Hello, foolery lovers! This week the mayor of London (you know the one with the mad hair) was heard quoting Shakespeare, who he dubbed “a great Midlands author”–a title we don’t hear very often. In fact, I don’t think I’ve ever heard Shakespeare called that. Here’s the man who quoted Shakespeare, Boris Johnson.
He quoted Henry V (the classic play to cite if you want to feel patriotically proud, it seems), picking the line: “He which hath no stomach to this fight, let him depart.” The context was, of course, political. But it is interesting that he chose to quote Shakespeare, and not, say, a famous politician. Perhaps Shakespeare is more a man of the people than a big political leader, especially since the world is, for the most part, rather fed up with politicians. And who better for a man of the people than Henry, who is “but a man as I am,”–yes, you, me and Boris. I’m sure you’re bursting to see the highlights of the speech (and, no, I don’t mean his hair highlights). Click here for more, and see if you can spot the Shakespeare in the article below the video!
How often does someone bug–and I mean really annoy–you? Fear not, this latest video shows that Shakespeare’s insults are still easy to slip into conversation today! Last Christmas, I was bought a set of Shakespeare insult badges (not entirely sure what my friend was trying to say, nor that it’s always appropriate to walk around with a badge that reads “I do desire that we may be better strangers,” as it gives rather the wrong first impression). But this latest video from the Anglophenia youtube series shows that, if you use Shakespearean insults in the right context, they may serve you well. Don’t believe me, just watch and see.
Soon you’ll be spouting Shakespeare at your enemies, too!
In kids-related Shakespeare foolery, this week I read a post about Shakespeare: The Stratford Zoo Midnight Review Presents Macbeth, a comic story with an inset play all about Macbeth “in which all the animals of the zoo sneak out of their cages by night to mount amateur productions of great dramas”. Macbeth is a lion, and his wife is a leopard–adding an even more comical dimension to the line “out damn spot.” It sounds like a cracking read and funny for kids and adults alike. And–don’t worry–there’s not too much blood or gore, only ketchup! Check out this post to hear about one parent’s experience with the book.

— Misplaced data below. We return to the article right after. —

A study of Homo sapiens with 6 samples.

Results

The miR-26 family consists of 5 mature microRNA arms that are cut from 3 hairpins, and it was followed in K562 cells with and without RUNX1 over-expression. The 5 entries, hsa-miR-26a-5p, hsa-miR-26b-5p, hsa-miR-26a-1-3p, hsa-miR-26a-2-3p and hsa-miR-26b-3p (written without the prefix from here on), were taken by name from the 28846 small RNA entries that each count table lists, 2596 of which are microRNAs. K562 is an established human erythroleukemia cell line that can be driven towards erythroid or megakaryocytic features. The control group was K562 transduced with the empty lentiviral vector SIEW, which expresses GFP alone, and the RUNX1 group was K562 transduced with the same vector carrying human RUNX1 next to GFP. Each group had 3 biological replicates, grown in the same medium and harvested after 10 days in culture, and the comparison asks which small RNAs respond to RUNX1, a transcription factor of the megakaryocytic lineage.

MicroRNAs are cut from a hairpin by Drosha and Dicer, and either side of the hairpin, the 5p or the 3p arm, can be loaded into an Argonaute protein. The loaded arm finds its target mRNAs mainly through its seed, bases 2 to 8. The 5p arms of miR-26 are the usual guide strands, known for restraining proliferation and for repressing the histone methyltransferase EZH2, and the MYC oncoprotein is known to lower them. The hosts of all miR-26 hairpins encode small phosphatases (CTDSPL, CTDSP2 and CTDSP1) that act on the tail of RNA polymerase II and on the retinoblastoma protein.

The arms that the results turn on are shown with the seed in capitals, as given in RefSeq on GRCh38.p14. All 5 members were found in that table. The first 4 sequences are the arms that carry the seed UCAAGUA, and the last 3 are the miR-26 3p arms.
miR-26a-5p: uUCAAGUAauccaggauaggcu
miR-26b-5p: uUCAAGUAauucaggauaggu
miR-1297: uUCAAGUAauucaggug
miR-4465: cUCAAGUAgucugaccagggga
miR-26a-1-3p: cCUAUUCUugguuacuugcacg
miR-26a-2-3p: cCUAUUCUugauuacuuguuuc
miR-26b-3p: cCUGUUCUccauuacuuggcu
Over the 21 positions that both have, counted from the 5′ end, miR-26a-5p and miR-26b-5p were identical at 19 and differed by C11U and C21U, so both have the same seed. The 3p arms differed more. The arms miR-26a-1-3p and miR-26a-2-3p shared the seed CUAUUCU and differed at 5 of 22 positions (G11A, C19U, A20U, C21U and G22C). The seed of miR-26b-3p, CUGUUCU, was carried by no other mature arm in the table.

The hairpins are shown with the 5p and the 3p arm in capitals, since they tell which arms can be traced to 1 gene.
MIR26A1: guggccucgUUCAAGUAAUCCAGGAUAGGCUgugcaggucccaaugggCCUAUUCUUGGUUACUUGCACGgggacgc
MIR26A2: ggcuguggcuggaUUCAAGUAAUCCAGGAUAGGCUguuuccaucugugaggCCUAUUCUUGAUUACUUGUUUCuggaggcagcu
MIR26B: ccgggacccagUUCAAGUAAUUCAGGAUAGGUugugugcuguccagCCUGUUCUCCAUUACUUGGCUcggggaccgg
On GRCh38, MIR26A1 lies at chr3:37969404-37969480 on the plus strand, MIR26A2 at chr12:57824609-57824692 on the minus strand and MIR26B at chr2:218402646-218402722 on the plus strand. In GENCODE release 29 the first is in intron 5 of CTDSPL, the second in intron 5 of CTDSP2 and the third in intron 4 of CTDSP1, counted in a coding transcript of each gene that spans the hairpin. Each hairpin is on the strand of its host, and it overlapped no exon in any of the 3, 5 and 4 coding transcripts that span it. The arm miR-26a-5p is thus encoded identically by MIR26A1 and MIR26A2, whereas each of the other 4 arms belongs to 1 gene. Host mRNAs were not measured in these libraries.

Are you ready to test your knowledge of Shakespeare? If so, why not try this quiz this week? It’s even got pictures to make the frustration of the “I know it, ah, ah, what is it?!” sentiment we all know so well a little bit less painful!
For those looking for a little light relief, or wanting to revise Much Ado, I came across this website this week which is all about hip-hopping-rapping Shakespeare. Shakespeare asks the Janitor for ideas for a new play. Okay, it’s not quite the Fresh Prince of Bel Air, but it is Shakespeare. Cool kids, this is your cue.
And, finally: struggling to find an adaptation of Hamlet and don’t think you can quite sit through Branagh’s lengthy production? Fear not, the foolery column has found this offering. What do you mean, that’s not Shakespeare? It’s got most of the basics! Until next week, foolery lovers, keep fooling around — Shakespeare style, of course!